Opinions about the Cuba embargo have hardened since former President Barack Obama restored relations with the island’s government in 2015.
According to the FIU poll, 51% favor maintaining the embargo, while 49% oppose it, compared to 54% support for ending the embargo in the last FIU poll in 2016, according to the pollsters, FIU professors Guillermo Grenier and Hugh Gladwin.
That represents a significant reversal after decades of Cuban American opinion softening on the embargo. It also appears to be a rejection of Cuba’s hardline response to Obama’s opening, including the recent health incidents suffered by U.S. diplomats in Cuba which resulted in a drastic staffing cuts.
“The retrenchment might be driven by the slow pace of change on the island, even while the old-guard leadership fades, or by the hostile national narrative that currently surrounds U.S.-Cuba relations in the United States,” according to John F. Stack, dean of FIU’s School of International and Public Affairs in a forward to the poll.
After taking office in 2017, President Donald Trump reversed course and imposed new restrictions on travel to Cuba, as well as sanctions against businesses run by the Cuban military, including hotels, bars and restaurants run by the Cuban military.
“Relations between the two countries since the last poll have not followed the path of engagement established by Obama,” he added. “While few of the specific policies initiated during the presidency of Obama have been replaced, the ‘sonic incidents’ reported by U.S. embassy personnel in Havana on August 2017, unleashed a series of reactions from the Trump administration … relations between the two countries have become icy at best.”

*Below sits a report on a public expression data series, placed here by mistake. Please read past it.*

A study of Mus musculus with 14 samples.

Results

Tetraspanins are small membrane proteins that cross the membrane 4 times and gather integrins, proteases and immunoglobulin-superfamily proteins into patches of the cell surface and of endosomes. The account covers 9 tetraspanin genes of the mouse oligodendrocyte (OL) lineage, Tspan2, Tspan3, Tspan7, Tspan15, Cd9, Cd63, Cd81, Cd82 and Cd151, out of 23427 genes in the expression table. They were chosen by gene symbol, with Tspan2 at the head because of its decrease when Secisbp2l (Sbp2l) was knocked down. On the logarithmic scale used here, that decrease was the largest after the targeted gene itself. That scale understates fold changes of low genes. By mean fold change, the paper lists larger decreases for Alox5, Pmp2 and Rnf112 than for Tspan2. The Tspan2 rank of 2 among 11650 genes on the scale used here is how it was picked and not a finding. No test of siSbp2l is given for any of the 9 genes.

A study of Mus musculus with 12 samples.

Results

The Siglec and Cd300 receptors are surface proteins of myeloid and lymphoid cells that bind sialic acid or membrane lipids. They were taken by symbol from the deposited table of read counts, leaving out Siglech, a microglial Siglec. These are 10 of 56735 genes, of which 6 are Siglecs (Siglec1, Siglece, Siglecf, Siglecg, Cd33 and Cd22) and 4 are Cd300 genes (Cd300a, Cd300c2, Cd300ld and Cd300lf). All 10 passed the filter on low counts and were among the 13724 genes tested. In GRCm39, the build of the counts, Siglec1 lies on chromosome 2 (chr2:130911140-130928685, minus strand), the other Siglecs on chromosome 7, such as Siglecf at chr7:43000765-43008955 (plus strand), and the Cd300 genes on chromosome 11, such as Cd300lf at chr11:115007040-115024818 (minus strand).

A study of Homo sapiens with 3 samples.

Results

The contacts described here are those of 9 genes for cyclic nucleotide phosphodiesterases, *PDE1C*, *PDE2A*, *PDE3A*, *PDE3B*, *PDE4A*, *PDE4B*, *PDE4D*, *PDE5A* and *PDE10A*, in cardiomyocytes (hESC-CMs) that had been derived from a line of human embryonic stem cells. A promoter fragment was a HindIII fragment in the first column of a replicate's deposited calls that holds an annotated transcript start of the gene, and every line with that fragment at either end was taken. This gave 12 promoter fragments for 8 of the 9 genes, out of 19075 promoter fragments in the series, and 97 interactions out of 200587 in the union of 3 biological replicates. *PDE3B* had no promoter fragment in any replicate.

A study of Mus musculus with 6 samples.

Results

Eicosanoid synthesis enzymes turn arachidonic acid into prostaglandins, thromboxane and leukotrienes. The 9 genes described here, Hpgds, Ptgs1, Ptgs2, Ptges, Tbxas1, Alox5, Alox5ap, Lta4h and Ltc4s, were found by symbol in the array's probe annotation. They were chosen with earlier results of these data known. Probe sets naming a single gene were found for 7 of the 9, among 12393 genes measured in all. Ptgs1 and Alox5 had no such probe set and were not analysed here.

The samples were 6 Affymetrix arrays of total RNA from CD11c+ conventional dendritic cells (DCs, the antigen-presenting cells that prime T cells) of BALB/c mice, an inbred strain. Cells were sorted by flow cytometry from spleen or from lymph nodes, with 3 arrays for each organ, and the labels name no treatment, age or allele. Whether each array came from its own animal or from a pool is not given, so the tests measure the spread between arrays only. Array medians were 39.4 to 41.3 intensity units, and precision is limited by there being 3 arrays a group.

FIU has conducted polls of Cuban Americans in Miami since the 1990s. The 2018 poll was carried out after the midterm elections in November. The telephone poll surveyed 1,000 people and has a margin of error of 3.1 percent.
An overwhelming majority of more than 80% of Cuban Americans polled agreed the embargo has not worked.
Support for the embargo increased especially among the so-called historic exiles who emigrated from 1959 to 1979, rising by more than 10% compared to the 2016 poll. Meanwhile 65% of those under 40 oppose the embargo.
“ Cuban Americans continue to welcome and support many of the changes in U.S. policy since December 2014, such as travel, the maintenance or expansion of limited economic relations and the willingness to allow U.S. citizens to invest in Cuban businesses,” the survey’s authors wrote. “Yet, there is a retrenchment of old, less conciliatory positions by the old, less conciliatory segments of the community.”
Although 57% of the Cuban Americans polled still support the elimination of restrictions on travel by U.S. residents to the island, that support is also down significantly from 74% in 2016. A wide majority, 68%, of respondents favored maintenance of the existing business relations with Cuba, such as allowing U.S. companies to sell food and medicine to Cuba.
The reestablishment of U.S. diplomatic relations with Cuba was endorsed by a broad majority, 63 percent.
Forty percent of the Cuban Americans in Miami polled said they send remittances to relatives and friends in Cuba, and 43% said they had traveled to Cuba at least once.
The poll’s authors said 52% supported the Obama administration’s decision to end the so-called “wet foot, dry foot” policy, which allowed Cubans who arrived without visas to remain legally in the country.